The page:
Hello everyone..I have white coat syndrome. The last time a doctor took my blood pressure was about 3 years ago. She wanted to put me on meds, but didn't tell me what my bp was. I bought a monitor. When I took it at home, it was normal. I am 58 years old, and I take in a lot of caffeine. Can this affect my blood pressure?
I also noticed that I'm getting white coat syndrome when I take my bp at home. So then, I become obsessed with taking it. I will sit and take it every 10 minutes for an hour.
When I took it this morning, it averaged 137/88. Is that horrible? It seems to be lower in the afternoon. 135/81. I just don't know what's normal anymore. Can normal be different for everyone? I'm do not want to take meds. I guess what I want to know is this. Are my reading extremely high? Or can I relax. I appreciate any comments on this. Thank you. Mary Ann
I also have "white coat" and my pressure is always higher at the doctors office then at home. I was put on medication last year. I was also obsessed with taking my blood pressure at home and I probably still take it too much. I usually take it a few times at night around 7o and again at 8o and my home readings now average 115/75. I had it taken a few weeks ago at the Mall and it was 172/84. I called the doctor and went there for a BP CHECK and the nurse took it and it was 120/74. She told me to stop taking it at home.. She said I was making a big deal over nothing and my medication was keeping it under control and only have the doctor check it when I go there. She said if I wanted I could check it once a week. Caffeine will increase blood pressure. I was told not to drink any coffee or soft drinks with caffeine anymore so you may want to quit the caffeine and see if it makes a difference. Your numbers are in the high normal range but could be lower. Aerobic exercise such a walking can also lower it along with watching sodium intake.. I know if you take your blood pressure too much you can make yourself a nervous wreck and you will get higher readings...
Caffeine can raise your bp. For me, one cup of strong tea in the morning would raise my bp 10 points in both systolic and diastolic for a good deal of the day. You might try going off caffeine and see if it makes a difference.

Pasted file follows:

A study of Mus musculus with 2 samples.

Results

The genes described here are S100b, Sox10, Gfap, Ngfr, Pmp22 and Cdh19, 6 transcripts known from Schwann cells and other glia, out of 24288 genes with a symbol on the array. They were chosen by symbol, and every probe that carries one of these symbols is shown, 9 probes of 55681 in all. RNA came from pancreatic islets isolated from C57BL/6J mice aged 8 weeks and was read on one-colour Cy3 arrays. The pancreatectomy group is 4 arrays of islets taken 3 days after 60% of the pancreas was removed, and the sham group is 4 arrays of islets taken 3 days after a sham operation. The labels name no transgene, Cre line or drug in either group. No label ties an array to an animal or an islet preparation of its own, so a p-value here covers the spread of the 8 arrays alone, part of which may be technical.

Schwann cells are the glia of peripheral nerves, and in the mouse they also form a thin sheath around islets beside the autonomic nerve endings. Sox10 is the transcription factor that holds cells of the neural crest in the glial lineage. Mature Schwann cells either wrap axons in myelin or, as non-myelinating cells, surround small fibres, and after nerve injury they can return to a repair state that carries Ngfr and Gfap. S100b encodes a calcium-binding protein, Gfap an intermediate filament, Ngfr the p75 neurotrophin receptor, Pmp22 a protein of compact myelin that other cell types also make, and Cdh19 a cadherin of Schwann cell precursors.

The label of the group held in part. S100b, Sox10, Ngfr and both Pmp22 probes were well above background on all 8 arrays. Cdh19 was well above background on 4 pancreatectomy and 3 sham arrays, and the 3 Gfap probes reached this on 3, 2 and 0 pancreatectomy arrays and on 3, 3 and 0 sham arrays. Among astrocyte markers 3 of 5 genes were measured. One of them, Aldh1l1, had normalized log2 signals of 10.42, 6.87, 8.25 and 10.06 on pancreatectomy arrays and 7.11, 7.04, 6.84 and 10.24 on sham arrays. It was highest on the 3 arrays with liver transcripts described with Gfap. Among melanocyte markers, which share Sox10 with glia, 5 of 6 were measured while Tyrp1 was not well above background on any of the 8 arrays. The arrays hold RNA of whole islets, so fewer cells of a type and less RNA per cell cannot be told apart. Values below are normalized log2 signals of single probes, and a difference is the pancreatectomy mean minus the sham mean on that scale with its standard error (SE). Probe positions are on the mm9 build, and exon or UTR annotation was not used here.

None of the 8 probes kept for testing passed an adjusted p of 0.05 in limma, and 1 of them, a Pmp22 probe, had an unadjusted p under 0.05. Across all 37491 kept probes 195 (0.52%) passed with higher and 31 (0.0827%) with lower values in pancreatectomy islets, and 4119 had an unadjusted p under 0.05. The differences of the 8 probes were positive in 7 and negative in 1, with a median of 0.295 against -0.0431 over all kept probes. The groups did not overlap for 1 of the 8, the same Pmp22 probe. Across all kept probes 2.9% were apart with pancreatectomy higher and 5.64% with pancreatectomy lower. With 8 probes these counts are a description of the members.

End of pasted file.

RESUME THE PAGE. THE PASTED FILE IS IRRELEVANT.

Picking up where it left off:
The hypertension category starts at 140/90. Numbers below that are OK. The current thinking is that we should strive for bp below 120/80. Your numbers are fine. You might want to try doing without caffeine, cutting salt, dropping some weight if you are heavy, getting some exercise, quit smoking if you smoke, and see if your numbers go lower. At this stage you do NOT need medication.
It's easy to get obsessed with taking one's blood pressure. I'd guess most of us visiting this board have been at one time or another. You can even get home white coat if you obsess too much. Stop taking your bp so often. Try to relax before you take it - do something relaxing, relaxing thoughts, etc. You only need to check occasionally to keep track of your blood pressure, but right now you do not need meds.
I recently questioned the nurse at my doctors office when I went for a blood pressure check. My readings at home were never above 140/90. Only at the doctors office they were high and only borderline . I was still put on medication. I told the nurse the situation and I got no answer.. Sometimes I think I just had white coat and not truly hypertension.
Okay, I take a bit of a different stance. I think taking your BP at home is great! At first you might be obsessed with taking it, but after a while it will become old hat, you'll relax, and even your home numbers will go down. (At least I believe that's the case for most people. It may take a few weeks before you relax. There may be a few especially anxiety-prone people who never get over it.)
But your home numbers will provide you with AMMUNITION to use at the doctor's office if the doc should again suggest that you go on meds when you don't believe you should. Keep a written record. Take it with you to the doctor's office.
Sounds like your home readings are in what is currently called the pre-hypertensive range. Optimal, though, is considered 115/75. As I recall, every 20-point systolic increase over that doubles your risk, so even though it isn't considered hypertension until 140/90, you and your doctor may want to consider if you have severe enough other risk factors which warrant medicating you at a pressure lower than 140/90.
In addition to exercise, obtaining near-ideal weight, and a low-salt diet, a diet which includes eight servings fruits and vegetables (mostly low-starch ones) and three servings of non-fat dairy a day has shown reduced BP.